In the Monday kickoff to the historic climate conference in Paris, Bill Gates unveiled a new role as a global recruiter for billionaires willing to push clean-energy ideas out of the lab and into the marketplace.


The Breakthrough Energy Coalition lists more than two dozen members from 10 countries that span the globe from India to Africa to Saudi Arabia. In addition to Gates, they include Amazon founder Jeff Bezos, Alibaba Group executive chairman Jack Ma and Facebook founder Mark Zuckerberg and his wife, Priscilla Chan.

The coalition will partner with 20 countries that have pledged to increase their spending in clean-energy research and try to greatly speed up a global transition away from fossil fuels.

The coalition is expected to muster billions of dollars in investment, but no specific figures were announced Monday.

“Promising concepts and viable products are separated by a Valley of Death that neither government funding nor conventional investors can bridge completely,” Gates wrote in an “Energy Innovation” paper published Monday to explain his vision for the coalition. “A key part of the solution is to attract investors who can afford to be patient, and whose goal is as much to accelerate innovation as it is to turn a profit.”


He even jumped into the political arena in 2010 when he donated $700,000 to help defeat an initiative that would have suspended state laws to reduce greenhouse-gas emissions.

“Having people of Gates’ stature speak up makes a huge difference,” said Ross Macfarlane, a senior adviser at Climate Solutions, a Seattle-based clean-energy policy group that featured Gates as its keynote speaker at a 2011 annual meeting and fundraiser.

In recent months, in the run-up to the global climate conference in Paris, Gates has sharpened his focus on energy transformation.

In an interview published in November in The Atlantic magazine, Gates argued that the threat of climate change was so severe that the world in the decades ahead could no longer afford a transition to lower-carbon fuels such as natural gas. Instead, he called for the world economy to leapfrog ahead to develop clean-energy sources that don’t emit carbon dioxide and other greenhouse gases that drive climate change.

But he didn’t minimize the challenges, which he says have sometimes been glossed over by clean-energy enthusiasts. And although the Bill & Melinda Gates Foundation scaled back investments in fossil-fuel companies in 2014, Gates in The Atlantic interview rejected calls that the foundation divest of all fossil-fuel companies as a “false solution.”

Gates said further innovation is the key to what he calls achieving an “energy miracle.”

In his paper published Monday, he cited three examples of innovation that might make a difference:

• Solar chemical technology that could harness sunlight to create fuels.

• Solar paints that could transform walls, car-tops and other surfaces into generators of electricity.

• Flow-batteries that could last longer and hold more energy than lithium ion batteries and that could be used to help store energy created by solar cell and wind power.

Gates’ own personal investments in clean-energy technologies, which number in the dozens, have come through Cascade Investment LLC. They include a stake in Sapphire, a California-based company that is working to turn algae into biofuels, and Ambri, a Massachusetts-based company that is developing a utility-scale battery for storage.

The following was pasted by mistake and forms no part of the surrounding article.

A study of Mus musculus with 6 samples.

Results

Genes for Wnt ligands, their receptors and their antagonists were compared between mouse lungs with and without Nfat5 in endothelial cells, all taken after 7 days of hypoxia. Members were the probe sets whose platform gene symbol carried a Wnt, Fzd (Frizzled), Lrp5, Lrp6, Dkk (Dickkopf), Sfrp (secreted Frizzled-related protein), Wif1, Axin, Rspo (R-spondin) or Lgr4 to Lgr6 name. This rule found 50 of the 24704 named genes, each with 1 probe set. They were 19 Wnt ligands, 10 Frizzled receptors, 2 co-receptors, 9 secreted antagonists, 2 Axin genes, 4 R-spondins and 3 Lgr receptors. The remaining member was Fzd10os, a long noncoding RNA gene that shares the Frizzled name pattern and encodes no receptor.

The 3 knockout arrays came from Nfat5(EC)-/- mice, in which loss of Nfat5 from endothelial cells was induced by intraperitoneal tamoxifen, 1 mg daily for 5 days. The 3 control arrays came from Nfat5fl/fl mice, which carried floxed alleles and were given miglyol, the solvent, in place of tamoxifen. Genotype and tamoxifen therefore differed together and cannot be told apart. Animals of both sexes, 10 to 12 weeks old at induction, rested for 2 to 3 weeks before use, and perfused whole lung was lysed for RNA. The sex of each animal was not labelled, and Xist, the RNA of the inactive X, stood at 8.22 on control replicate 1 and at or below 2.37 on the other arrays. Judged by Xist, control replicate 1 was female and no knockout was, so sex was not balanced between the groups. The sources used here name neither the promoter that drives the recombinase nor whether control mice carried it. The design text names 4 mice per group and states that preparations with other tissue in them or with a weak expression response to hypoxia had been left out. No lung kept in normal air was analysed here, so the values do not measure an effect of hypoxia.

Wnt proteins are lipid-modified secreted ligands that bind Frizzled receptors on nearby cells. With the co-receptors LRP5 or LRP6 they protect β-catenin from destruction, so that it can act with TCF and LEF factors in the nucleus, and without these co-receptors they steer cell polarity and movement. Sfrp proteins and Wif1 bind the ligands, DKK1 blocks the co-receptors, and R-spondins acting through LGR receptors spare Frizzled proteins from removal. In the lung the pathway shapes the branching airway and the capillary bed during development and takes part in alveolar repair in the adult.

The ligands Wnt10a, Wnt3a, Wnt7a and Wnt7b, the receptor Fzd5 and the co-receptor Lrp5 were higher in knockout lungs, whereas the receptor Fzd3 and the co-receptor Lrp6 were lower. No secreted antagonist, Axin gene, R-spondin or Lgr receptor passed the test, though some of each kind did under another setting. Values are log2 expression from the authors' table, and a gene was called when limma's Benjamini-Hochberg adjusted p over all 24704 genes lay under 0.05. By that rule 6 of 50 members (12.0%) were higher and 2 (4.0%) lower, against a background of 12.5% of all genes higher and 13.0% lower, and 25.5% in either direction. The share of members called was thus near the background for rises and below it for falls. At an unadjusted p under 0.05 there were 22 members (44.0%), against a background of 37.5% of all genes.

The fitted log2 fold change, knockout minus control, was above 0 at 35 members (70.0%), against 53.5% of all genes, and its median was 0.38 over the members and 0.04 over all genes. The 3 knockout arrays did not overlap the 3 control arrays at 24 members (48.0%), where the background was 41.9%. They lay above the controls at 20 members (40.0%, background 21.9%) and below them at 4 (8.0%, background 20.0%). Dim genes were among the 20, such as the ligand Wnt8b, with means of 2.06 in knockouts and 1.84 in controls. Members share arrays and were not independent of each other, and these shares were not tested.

Gates is also chairman of Bellevue-based TerraPower, a company that he helped launch in 2006 that is trying to develop new technology that uses depleted — rather than enriched uranium — to produce safer and cleaner nuclear power. The hope is that nuclear power, with zero carbon emissions, could then play a significant role in the transition to a clean-energy future.

In an interview earlier this year with The Financial Times, Gates said over the next five years he would double his $1 billion personal investment in clean-energy technologies. In the aftermath of the announcement of the Breakthrough Energy Coalition, that dollar figure could climb higher, but there no numbers were disclosed in Gates’ Monday blog post.

All of this was welcome news to Washington’s own clean-energy entrepreneurs, such as David Kaplan, a former Microsoft employee who in 2011 founded Seattle-based 1EnergySystems. It has developed software technology to help electric- power utilities smoothly integrate battery storage into their grid systems.

Kaplan thinks his company has huge long-term growth potential that might attract the interest of the Gates coalition. But his company doesn’t offer the potential for the kind of quick-turn around profits that typically bring in investors.

“We have had to grow in a rather lean and mean fashion,” Kaplan said. “And this could be a much better fit for our type of business than traditional Silicon Valley VC (venture capital) money.”

The 1Energy Systems technology is now being used by the Snohomish County Public Utility District, which, over the past year, has installed battery- storage technology able to supply 750 homes with an hour’s worth of electricity.

The PUD has decided that all new growth in power demand will be met from sources other than fossil fuels, and the battery systems are intended to help balance demand with a supply that — with increased reliance on wind and solar power — is more intermittent.

The cost of these storage systems is about $7 million, partially paid through a state grant.